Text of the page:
Regulation, combined with other efforts, has successfully repopulated wild turkeys in the United States.
Each November, families gather across the United States for the Thanksgiving holiday and collectively they consume about 45 million turkeys. At the same time, another approximately 7 million wild turkeys roam free across the nation. Some of these wild turkeys have appeared to adapt to the humans that surround them, at times befriending local mail carriers and even learning to knock on neighbors’ front doors in search of a snack.
But just a century ago, the fate of the wild turkey was dire and its future uncertain.
By the 1930s, the wild turkey population had plummeted to its lowest levels ever—about just 30,000 birds in total—a dramatic decline from the 10 million or more turkeys that roamed North America prior to the arrival of Europeans.
The wild turkey population started its decline when early settlers to North America began to hunt them and started to clear forest land for agriculture. The decline only accelerated with Europeans’ westward expansion, the growing agricultural industry, and the construction of railroads. By 1920, 18 of the 39 states that had constituted the wild turkey’s historical habitat had completely lost their wild turkey populations.
Attempts to recoup the wild turkey population began in some states in the 1930s, largely under pressure from hunting and sporting groups. As early as 1929, the Virginia Game Commission—now the Virginia Department of Game and Inland Fisheries—began a program in which a total of 22,000 turkeys were raised on game farms and then released into the wild. Similarly, in Pennsylvania, from 1930 to 1980 the state’s Game Commission released more than 200,000 game-farm turkeys into the wild.
But in these states and others, the game-farm method failed because a turkey’s ability to survive in the wild is largely learned from its mother.
During the 1950s, a discovery made by South Carolina’s Herman “Duff” Holbrook would have a profound impact on the conservation of wild turkeys. When Holbrook used a net cannon—previously used only on waterfowl—to trap wild turkeys and later release them in new natural habitat, he experienced success. Soon, other states began “trap and transfer” programs with great success.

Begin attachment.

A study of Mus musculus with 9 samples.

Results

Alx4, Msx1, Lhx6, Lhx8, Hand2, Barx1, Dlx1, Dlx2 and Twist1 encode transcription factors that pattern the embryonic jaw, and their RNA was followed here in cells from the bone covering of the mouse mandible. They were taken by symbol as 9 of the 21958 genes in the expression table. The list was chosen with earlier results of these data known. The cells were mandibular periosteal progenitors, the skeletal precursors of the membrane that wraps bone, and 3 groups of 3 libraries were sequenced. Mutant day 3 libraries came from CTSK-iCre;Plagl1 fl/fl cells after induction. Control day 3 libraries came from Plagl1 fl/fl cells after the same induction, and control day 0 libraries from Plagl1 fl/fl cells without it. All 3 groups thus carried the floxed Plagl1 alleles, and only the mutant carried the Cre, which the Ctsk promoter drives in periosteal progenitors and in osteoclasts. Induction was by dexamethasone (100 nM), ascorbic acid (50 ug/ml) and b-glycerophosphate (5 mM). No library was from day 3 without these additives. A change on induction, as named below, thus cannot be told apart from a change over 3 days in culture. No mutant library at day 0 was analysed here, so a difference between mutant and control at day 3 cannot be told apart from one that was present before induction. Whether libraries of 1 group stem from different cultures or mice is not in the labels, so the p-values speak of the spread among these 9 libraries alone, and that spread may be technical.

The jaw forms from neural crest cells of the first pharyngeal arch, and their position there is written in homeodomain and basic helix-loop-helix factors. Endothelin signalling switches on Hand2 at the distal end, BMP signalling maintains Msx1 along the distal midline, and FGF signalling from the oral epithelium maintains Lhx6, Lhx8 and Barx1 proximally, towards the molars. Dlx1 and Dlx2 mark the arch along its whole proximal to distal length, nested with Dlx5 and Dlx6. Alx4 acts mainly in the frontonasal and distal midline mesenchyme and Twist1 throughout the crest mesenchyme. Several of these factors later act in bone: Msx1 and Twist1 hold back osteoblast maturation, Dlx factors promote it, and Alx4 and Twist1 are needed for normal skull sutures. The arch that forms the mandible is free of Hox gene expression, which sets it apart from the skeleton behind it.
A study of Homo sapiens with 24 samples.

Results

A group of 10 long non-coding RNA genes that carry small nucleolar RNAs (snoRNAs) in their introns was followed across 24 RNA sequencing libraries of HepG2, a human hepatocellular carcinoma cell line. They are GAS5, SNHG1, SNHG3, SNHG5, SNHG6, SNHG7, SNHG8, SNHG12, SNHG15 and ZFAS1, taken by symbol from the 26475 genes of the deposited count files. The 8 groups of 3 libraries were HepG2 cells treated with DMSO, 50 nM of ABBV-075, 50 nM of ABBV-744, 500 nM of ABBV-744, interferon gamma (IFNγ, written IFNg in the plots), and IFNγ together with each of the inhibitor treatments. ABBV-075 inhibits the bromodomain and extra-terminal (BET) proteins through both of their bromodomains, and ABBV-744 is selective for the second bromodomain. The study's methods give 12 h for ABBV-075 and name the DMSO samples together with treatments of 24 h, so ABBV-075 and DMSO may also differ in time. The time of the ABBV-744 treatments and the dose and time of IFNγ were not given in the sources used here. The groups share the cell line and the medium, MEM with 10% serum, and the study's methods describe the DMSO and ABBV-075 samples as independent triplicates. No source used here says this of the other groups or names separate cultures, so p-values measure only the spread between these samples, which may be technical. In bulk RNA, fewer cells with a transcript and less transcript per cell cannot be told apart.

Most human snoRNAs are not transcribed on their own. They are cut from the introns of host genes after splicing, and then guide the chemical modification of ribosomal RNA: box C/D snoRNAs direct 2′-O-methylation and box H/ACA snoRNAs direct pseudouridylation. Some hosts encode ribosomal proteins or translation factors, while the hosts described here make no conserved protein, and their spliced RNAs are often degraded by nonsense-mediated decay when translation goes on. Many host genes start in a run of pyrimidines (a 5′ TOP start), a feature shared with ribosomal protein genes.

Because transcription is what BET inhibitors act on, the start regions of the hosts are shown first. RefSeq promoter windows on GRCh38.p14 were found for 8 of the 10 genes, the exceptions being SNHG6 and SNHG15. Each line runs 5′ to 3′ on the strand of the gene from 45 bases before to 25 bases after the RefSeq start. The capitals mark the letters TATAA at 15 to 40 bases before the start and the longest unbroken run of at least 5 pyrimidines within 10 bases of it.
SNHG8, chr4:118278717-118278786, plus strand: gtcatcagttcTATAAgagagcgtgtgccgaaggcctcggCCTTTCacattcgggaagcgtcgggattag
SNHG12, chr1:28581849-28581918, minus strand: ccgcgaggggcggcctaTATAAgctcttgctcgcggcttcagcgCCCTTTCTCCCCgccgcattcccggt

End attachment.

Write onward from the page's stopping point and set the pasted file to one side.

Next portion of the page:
From West Virginia, to New York, and Missouri, trap and transfer efforts have helped reintroduce over 200,000 turkeys into habitats in 48 states. Many of these reestablishment efforts have been coordinated by the National Wild Turkey Federation—a non-profit organization that focuses on wild turkey conservation efforts across North America.
In addition to trap and transfer initiatives, land management efforts have helped reestablish wild turkey populations. The U.S. Department of Agriculture recommends specific regional plants that can be grown to maintain current levels of turkey populations. State agencies provide seed and planting equipment to those who will propagate turkey habitat.
Hunting regulations have also helped maintain current populations of wild turkeys. Although the birds are considered to be “valuable game species,” hunters looking to put a turkey on the table are subject to state and federal regulations.
Most states have established a general regulatory framework and a corresponding government agency to oversee hunting. State regulations typically require hunters to be licensed and obtain permits. States have also established bag limits to restrict the number of birds a single person can hunt, and they have created specific “turkey seasons” when the birds can be hunted––typically in the fall and spring.
Although regulations have been effective at helping to rebuild the turkey population, not everyone is happy to have the birds roaming free. Wild turkeys have been known to destroy agricultural crops and can cause damage to private property when they enter suburban areas. Wild turkeys can also be aggressive, especially during their mating seasons. The media have reported numerous incidents of turkeys attacking people in recent years. Turkeys have also caused fatal car accidents when they wander into the streets.
The restoration of the wild turkey population does bring certain challenges to those who live near their habitat, but it also represents one of the United States’ notable conservation success stories. Public and private reestablishment efforts have helped assure that wild turkeys still have a home this Thanksgiving—just not on most families’ dinner table.